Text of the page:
Spiritual support is important at end-of-life for many reasons. Being diagnosed with a terminal illness often causes loved ones to think about death, loss and grief, in ways that haven’t had to before.
Spiritual support helps loved ones approaching the end of life and those close to them including their relatives and friends, too:
Spiritual support doesn’t have to be structured but the expectation is that it would also include assessment and provision of resources to support the person approaching the end of life and those close to them. Spiritual support is tailored to the needs, beliefs and values of the person approaching the end of life. Families and relationships tend to be an important influence on spiritual wellbeing, and much support can be provided from within the family or by close friends.
According to the National Institute for Health and Care Excellence, spirituality is defined as ‘those beliefs, values and practices that relate to the human search for meaning in life. For some people, spirituality is expressed through adherence to organised religion, while for others it may relate to their identities, relationships with others, secular ethical values or humanist philosophies’.
Spiritual needs can include:
People do different things to meet these spiritual needs, depending on what’s important to them. Some people do things within their religion such as prayer or going to a religious meeting. For other people, it could be being with friends and family, spending time in nature or doing work or hobbies.
What’s most important to someone can change over their lifetime.
Encourage your loved ones to talk about how they’re feeling. Someone might have unmet spiritual needs if they are:
There are assessment tools you can use to start the conversation. One of these is the HOPE tool which is based on the questions below:
If you feel unsure about what spirituality means, or you find it difficult to talk about it, you might find it helpful to assess yourself. It can help you to identify and explore your thoughts on spirituality at end-of-life.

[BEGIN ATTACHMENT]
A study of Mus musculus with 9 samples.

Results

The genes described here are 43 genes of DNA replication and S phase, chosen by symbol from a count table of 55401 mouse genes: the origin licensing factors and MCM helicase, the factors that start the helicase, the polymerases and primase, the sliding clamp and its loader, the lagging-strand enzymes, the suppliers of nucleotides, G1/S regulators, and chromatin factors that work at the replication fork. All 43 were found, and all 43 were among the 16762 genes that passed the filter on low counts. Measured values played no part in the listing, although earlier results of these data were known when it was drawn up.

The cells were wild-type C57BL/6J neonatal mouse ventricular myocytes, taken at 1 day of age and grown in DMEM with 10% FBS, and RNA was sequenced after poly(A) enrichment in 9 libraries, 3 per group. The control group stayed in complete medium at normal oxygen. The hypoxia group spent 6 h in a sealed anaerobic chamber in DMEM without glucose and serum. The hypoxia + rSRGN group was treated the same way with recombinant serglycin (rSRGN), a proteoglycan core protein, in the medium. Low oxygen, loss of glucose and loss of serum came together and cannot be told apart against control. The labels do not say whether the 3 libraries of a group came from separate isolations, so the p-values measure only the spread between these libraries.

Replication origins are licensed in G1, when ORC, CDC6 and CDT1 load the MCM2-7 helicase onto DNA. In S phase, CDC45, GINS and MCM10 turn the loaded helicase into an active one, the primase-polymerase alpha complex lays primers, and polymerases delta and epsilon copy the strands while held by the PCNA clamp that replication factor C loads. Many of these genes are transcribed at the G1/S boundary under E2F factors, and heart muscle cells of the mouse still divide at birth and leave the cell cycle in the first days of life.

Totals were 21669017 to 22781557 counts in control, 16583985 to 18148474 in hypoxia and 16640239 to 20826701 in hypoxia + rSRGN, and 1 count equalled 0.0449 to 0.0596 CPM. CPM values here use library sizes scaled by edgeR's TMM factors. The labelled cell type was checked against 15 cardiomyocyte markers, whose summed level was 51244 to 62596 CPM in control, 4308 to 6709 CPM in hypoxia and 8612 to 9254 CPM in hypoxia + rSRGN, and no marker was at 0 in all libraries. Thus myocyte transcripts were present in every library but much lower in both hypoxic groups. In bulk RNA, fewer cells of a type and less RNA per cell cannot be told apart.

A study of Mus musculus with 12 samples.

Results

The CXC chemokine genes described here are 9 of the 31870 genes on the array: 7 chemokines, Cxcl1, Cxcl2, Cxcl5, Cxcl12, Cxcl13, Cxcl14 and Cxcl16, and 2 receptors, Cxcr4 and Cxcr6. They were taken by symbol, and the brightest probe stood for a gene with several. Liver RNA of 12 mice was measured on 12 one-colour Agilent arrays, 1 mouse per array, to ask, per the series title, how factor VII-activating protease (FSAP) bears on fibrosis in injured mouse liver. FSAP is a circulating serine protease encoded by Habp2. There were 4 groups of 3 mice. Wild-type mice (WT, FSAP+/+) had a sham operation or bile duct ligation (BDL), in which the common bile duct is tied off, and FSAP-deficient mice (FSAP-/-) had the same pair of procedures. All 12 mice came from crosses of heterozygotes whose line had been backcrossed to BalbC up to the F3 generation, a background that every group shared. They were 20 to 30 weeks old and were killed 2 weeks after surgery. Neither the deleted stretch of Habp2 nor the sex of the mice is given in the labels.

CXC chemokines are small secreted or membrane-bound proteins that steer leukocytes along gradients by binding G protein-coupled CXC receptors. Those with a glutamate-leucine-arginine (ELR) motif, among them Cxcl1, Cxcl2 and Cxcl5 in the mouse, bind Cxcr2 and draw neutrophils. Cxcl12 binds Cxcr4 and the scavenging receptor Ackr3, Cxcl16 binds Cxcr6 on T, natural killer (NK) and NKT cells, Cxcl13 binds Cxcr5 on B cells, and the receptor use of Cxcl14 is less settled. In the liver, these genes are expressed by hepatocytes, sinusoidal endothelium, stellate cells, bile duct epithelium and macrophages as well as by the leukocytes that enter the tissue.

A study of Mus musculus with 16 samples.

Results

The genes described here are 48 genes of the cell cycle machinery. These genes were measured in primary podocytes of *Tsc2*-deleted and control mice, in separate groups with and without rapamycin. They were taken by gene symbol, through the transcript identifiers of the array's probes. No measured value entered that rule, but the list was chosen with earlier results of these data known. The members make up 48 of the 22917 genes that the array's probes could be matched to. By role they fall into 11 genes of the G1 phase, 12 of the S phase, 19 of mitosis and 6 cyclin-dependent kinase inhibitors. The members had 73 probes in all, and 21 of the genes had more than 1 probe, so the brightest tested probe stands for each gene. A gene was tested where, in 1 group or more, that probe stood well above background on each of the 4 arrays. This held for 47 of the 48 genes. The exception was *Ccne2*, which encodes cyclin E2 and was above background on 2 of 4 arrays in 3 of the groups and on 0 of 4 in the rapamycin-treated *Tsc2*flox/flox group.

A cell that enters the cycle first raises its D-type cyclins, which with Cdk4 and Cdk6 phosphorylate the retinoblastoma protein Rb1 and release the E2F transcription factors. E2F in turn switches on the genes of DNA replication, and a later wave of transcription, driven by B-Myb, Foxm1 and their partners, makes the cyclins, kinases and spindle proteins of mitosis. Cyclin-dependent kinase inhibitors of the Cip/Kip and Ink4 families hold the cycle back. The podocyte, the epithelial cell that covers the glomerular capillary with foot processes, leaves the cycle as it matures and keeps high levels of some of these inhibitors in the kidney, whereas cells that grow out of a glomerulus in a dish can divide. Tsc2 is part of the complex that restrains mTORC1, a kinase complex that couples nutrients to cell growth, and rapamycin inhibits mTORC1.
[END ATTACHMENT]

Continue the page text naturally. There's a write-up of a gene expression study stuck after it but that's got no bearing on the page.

At Cavendish Homecare we are experts in providing private palliative homecare for individuals with terminal illnesses who want to return or remain in their own homes. We understand that at such a stressful and sensitive time, specialist nursing care and trustworthy support can make a huge difference. We work to support the patients, their families, friends, district nurses, palliative teams and any spiritual needs to support your palliative care in London.
Mairead Liston, a dedicated figure in healthcare, began her journey as a nurse and midwife, laying the foundation for a remarkable career. Driven by passion and expertise, Mairead established a successful nursing agency, serving as a crucial staffing resource for major hospitals in London and the UK.
In 2010, Mairead founded Cavendish Homecare with a mission to provide exceptional care in the comfort of people’s homes. Mairead’s areas of expertise encompass palliative and end of life care, post-operative care, and cancer care, ensuring the delivery of the highest quality of care to her clients.
Her transformative impact is exemplified through prestigious awards, including the ‘Lifetime Achievement’ award and the Chief Nursing Officer in Adult Social Care Silver award, recognising her dedicated service to social care.
By becoming a member of the Guild of Freemen of the City of London, Mairead not only emphasises her active support for both current and future nurses but also plays a vital role in contributing to the ongoing evolution of the nursing profession.